Posted by: commonsresource | June 1, 2010

Out of Africa – the promise of open source independence

Over the past couple of days, there have been a series of fascinating articles and posts on Africa and open source software. The first that I noticed was a BBC post entitled Open source marks a new era for African independence.  This Digital Planet article notes that “This year marks the 50th anniversary of 17 African states gaining independence. Now, a wave of homegrown programmers, developers and software makers claim to be heralding a new era of African independence.”

The second post was one by Dana Blankerhorn on the ZDNet Linux and Open Source blog entitled Can open source liberate Africa? In his post, Dana discusses the recent Idello conference in Ghana as well as the localization and development benefits of open source.   Dana concludes with the following astute observations:

the impact on people who have so little can be enormous. And what they have, with open source, they hold. It’s this kind of thing that brings me the most joy in covering open source.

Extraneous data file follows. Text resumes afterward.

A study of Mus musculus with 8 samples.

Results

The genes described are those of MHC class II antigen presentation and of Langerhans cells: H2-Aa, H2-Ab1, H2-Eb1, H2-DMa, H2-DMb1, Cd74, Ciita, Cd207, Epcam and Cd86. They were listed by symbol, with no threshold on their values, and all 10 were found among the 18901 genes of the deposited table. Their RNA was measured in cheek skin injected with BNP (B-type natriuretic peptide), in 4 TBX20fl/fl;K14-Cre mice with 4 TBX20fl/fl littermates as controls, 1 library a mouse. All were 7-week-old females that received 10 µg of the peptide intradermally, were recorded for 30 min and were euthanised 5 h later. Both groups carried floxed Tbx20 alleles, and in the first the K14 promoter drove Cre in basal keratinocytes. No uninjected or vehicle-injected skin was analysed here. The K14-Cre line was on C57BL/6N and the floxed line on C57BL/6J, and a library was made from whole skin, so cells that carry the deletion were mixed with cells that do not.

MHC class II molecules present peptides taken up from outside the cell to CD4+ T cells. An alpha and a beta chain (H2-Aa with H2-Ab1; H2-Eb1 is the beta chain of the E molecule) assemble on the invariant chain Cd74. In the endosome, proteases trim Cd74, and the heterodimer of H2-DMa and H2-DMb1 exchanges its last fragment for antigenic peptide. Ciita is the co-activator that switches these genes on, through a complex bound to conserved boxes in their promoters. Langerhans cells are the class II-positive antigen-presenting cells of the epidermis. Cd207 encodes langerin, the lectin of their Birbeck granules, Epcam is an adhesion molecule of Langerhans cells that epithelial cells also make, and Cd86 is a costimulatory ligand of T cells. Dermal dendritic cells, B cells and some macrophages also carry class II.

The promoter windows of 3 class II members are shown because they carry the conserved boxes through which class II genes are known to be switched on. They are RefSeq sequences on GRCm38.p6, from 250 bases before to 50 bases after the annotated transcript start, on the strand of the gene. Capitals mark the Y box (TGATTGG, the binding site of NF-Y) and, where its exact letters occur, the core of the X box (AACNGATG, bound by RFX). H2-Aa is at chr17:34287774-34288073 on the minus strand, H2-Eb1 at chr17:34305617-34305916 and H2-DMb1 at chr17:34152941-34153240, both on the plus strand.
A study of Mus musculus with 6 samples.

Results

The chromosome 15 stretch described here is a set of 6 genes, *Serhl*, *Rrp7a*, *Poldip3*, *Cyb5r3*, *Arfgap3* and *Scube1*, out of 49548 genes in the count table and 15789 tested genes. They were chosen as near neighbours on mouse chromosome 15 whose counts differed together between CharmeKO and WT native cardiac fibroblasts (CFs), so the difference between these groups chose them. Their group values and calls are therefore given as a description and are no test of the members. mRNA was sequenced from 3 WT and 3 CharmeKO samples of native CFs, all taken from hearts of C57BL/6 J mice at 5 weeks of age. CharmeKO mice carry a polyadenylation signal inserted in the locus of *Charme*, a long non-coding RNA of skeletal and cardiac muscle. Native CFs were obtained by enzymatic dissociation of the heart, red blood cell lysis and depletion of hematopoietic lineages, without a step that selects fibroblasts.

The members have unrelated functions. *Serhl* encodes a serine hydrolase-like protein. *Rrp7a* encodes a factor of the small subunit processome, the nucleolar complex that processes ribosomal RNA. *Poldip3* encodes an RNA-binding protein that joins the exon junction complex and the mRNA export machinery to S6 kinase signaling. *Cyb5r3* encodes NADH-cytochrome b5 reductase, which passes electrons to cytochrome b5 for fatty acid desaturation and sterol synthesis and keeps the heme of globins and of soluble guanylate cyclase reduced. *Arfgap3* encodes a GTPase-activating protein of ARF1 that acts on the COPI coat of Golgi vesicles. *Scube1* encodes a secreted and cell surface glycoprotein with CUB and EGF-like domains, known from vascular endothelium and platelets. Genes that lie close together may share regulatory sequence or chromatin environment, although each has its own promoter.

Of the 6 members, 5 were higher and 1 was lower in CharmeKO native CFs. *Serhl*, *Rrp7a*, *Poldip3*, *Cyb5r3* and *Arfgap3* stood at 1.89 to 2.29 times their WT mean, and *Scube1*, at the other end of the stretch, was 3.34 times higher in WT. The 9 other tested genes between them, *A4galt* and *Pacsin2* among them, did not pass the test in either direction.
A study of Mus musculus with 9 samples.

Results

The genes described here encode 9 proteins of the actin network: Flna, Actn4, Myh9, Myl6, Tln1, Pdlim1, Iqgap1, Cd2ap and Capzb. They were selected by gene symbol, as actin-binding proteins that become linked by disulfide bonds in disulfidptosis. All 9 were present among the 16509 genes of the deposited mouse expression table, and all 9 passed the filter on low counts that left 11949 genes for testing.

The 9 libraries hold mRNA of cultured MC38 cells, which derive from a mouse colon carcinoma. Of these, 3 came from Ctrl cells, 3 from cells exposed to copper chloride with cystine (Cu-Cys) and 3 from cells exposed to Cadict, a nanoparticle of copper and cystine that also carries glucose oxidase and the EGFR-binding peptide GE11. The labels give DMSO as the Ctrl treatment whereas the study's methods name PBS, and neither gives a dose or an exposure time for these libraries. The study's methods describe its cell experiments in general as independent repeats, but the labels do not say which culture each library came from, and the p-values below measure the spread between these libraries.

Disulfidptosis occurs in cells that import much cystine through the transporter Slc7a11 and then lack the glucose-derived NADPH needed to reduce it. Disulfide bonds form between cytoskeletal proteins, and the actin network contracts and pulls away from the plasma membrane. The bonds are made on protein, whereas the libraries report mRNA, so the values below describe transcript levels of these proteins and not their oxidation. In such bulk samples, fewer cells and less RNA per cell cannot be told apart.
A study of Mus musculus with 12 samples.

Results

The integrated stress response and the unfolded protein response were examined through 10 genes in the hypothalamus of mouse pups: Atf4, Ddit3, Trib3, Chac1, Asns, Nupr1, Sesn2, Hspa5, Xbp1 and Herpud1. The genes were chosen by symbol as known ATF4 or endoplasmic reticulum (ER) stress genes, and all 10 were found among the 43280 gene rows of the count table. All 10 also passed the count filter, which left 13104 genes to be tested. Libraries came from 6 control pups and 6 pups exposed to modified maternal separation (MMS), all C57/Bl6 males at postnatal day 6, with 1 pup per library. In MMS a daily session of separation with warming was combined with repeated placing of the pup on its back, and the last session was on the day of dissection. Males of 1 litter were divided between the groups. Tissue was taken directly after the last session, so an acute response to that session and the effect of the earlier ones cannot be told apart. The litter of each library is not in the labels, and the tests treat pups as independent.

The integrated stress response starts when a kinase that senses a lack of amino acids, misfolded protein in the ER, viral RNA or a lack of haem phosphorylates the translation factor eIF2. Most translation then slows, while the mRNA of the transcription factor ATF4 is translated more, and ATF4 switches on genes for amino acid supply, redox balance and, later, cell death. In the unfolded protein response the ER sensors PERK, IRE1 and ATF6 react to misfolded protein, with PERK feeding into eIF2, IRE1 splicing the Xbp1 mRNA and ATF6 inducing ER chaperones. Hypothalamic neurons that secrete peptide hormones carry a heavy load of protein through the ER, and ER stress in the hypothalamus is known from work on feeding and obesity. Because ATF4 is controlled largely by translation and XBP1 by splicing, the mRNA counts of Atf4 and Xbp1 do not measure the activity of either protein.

The third post that I first saw a few minutes ago is by Amy Vernon on her Pragmatic Open Source blog on Network World’s Open Source Subnet. In her Open source could be Africa’s technological solution post,  Amy profiles FOSSFA and its role in fostering open source software solutions that don’t “presume what the needs of the community are” and concludes with the following summary:

Open source projects are far more accessible to technology- and income-poor Africa. And they allow exactly what so many both on the continent and off it want for the populace: the ability to decide for themselves what resources they need and build them. Hard to argue with that.

Many thanks to Amy, Dana, and the BBC for your fascinating coverage.  Let’s stay tuned to see what open source software and other commons sourcing solutions come Out of Africa!